How is a quaich used at a Scottish wedding?

The quaich, Scotland’s loving cup, has been used through the centuries to offer a welcoming drink at family occasions, and to friends and visitors. Traditionally, the two-handed design of this drinking vessel incorporates trust, on the part of both giver and receiver.

An additional ceremonial use of the quaich, humble or grand, can be found when it is incorporated as an integral part of a marriage ceremony. The most popular materials for quaichs used at weddings are pewter, silver, silver plate and wood. Size and design of the quaich are entirely up to personal preference.

The bride and groom may also decide to use quaichs as favours, or small gifts to friends and family who participate in their wedding celebrations. These quaichs, especially when personalised, then provide a cherished, permanent memento of the couple’s big day.

Incorporating a quaich into your wedding ceremony

The bride and groom could each hold the quaich handles for the other to drink from its contents. This symbolises togetherness and trust. The contents are left to individual tastes, though a fine single malt whisky would be the traditional choice. Alternatively, each of the participants could pour their own drink of choice into the vessel. Drinking from the new mixture would be symbolic of the new union of the married couple.

If either bride or groom does not drink alcohol, or if the quaich is to be passed around more widely, perhaps including children from either or both families, then a soft drink could be substituted for the spirit.

A further approach might be for the parents of the bride and groom to be involved. The groom’s parents could pass the quaich to the bride for her to drink, and vice versa, again as a way of welcoming each into the other’s family.

All of these alternatives serve to enhance the feelings of love and trust, and to allow participants in the celebration to feel included.

Quaich wedding ceremony

King James VI of Scotland started the tradition of wedding quaichs, when he married Anne of Denmark, in 1589.

Pewter quaich with heart shaped handles

Wedding celebrations now feature a ceremonial quaich used by the bride and groom to toast their union, and the gift of quaichs as mementoes of the big day.

Pewter quaich with elm bowl

Where do we include the quaich in the wedding ceremony?

Basically the order of the wedding ceremony is something which the bride and groom will agree with the celebrant, or other person who conducts the ceremony, and marries the happy couple. Mutual toasting from the ceremonial quaich can be done either just before, or just after, the couple say their vows to each other.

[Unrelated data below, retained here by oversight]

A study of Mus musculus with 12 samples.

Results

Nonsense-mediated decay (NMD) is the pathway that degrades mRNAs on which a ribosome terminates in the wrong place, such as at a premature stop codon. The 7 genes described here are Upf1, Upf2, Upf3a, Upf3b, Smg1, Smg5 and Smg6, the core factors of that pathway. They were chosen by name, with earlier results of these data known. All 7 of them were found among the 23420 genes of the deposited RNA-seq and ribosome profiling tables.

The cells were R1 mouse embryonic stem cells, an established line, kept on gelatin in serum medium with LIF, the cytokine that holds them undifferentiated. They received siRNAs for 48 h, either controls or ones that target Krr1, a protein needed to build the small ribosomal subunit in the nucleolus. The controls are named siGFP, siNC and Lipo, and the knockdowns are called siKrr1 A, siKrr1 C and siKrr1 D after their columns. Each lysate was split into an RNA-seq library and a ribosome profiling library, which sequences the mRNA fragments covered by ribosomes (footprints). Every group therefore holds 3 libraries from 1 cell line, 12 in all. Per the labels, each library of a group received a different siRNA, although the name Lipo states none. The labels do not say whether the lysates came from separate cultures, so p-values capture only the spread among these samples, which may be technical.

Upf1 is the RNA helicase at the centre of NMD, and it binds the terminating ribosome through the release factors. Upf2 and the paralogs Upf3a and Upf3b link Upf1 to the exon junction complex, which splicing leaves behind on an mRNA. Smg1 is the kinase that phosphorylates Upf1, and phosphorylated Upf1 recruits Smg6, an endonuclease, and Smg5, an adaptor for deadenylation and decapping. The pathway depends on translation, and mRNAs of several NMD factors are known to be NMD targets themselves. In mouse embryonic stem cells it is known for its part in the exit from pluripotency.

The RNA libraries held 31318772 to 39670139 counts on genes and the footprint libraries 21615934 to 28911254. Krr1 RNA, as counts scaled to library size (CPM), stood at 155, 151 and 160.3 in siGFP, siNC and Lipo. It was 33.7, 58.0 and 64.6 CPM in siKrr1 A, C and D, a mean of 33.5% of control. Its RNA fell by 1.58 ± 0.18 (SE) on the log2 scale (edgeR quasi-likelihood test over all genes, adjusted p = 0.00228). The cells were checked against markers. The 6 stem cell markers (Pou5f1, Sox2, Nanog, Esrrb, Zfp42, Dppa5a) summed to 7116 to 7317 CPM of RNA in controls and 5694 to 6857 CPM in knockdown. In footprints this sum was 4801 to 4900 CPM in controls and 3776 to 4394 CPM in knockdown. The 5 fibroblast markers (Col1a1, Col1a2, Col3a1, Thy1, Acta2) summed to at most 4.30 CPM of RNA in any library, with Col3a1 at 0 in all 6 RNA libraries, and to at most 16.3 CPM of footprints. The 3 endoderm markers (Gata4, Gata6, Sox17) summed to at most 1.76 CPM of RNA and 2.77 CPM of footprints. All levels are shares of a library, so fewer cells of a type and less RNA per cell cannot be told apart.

Some celebrants like to do the quaich ceremony just after the Signing of the Registry. This is also the perfect time for the celebrant to explain that the couple are now married, and that it’s customary for them to begin their married life by immediately sharing a drink from the quaich.

Bagpipers and the quaich wedding toast

A traditional Scottish wedding usually features a lone bagpiper, who processes the newly married couple into the reception hall after the wedding ceremony. The bagpiper should then be offered payment for his duties (“paying the piper”) which could be in cash, though that is less likely nowadays.

However, his payment also traditionally included a drink from the wedding quaich, after which the piper proposes a toast to the health of the newlyweds. This very Scottish custom is now more rare than it used to be, but it’s well worthy of consideration if it fits with the rest of your wedding arrangments.

In some celebrations, the quaich is then passed around the assembled throng – a reasonably sized quaich is therefore required! Each guest is then given the opportunity to raise a toast, or even sing a song or tell a short story, if the mood takes them!

Luckenbooth quaich

Quaichs as gifts for relatives and friends

Quaichs often feature as wedding gifts to the bride and groom,and to other family members to mark the occasion. The happy couple may also give them to their bridesmaids and groomsmen, and perhaps to other relatives and friends.

Some couples go further, and also present a small quaich to each wedding guest, as a permanent memento of their big occasion.

The re-affirmation of wedding vows, perhaps after 25, 30 or 40 years of marriage, has become popular in recent years. This is another occasion which can be enhanced by incorporating a mutual toast from the same quaich.

Engraving these quaichs with personal messages can individualise the gift. The sense of inclusion and participation in the happy day then stays with the recipient long after the ceremony itself is over.

Including hand-fasting in your ceremony

Another element which can be included in the wedding ceremony, which is often seen as complementary to the use of a ceremonial quaich, is hand-fasting.

Hand-fasting is the ceremonial act of tying the hands of the happy couple together with a cord, symbolising their love and the close union which binds them in matrimony. This gives rise to the much used phrase “tying the knot”.

The hand-fasting custom started in pagan times. As the centuries progressed, there was a practical element to it – in a rural village with no resident priest or minister, hand-fasting could be done and witnessed by just one person. A priest or minister could complete the wedding with a Christian ceremony at a later date. Hand-fasting cords were also much cheaper than wedding rings!

Hand-fasting, when it is included in the wedding ceremony, usually happens as the couple speak their vows. Braided cord, ribbon, or a strip of each family’s tartan, can be used to form the tie. Flower garlands, and even remnants from vintage wedding gowns can also be used. These cords can then become family heirlooms, handed down through the generations.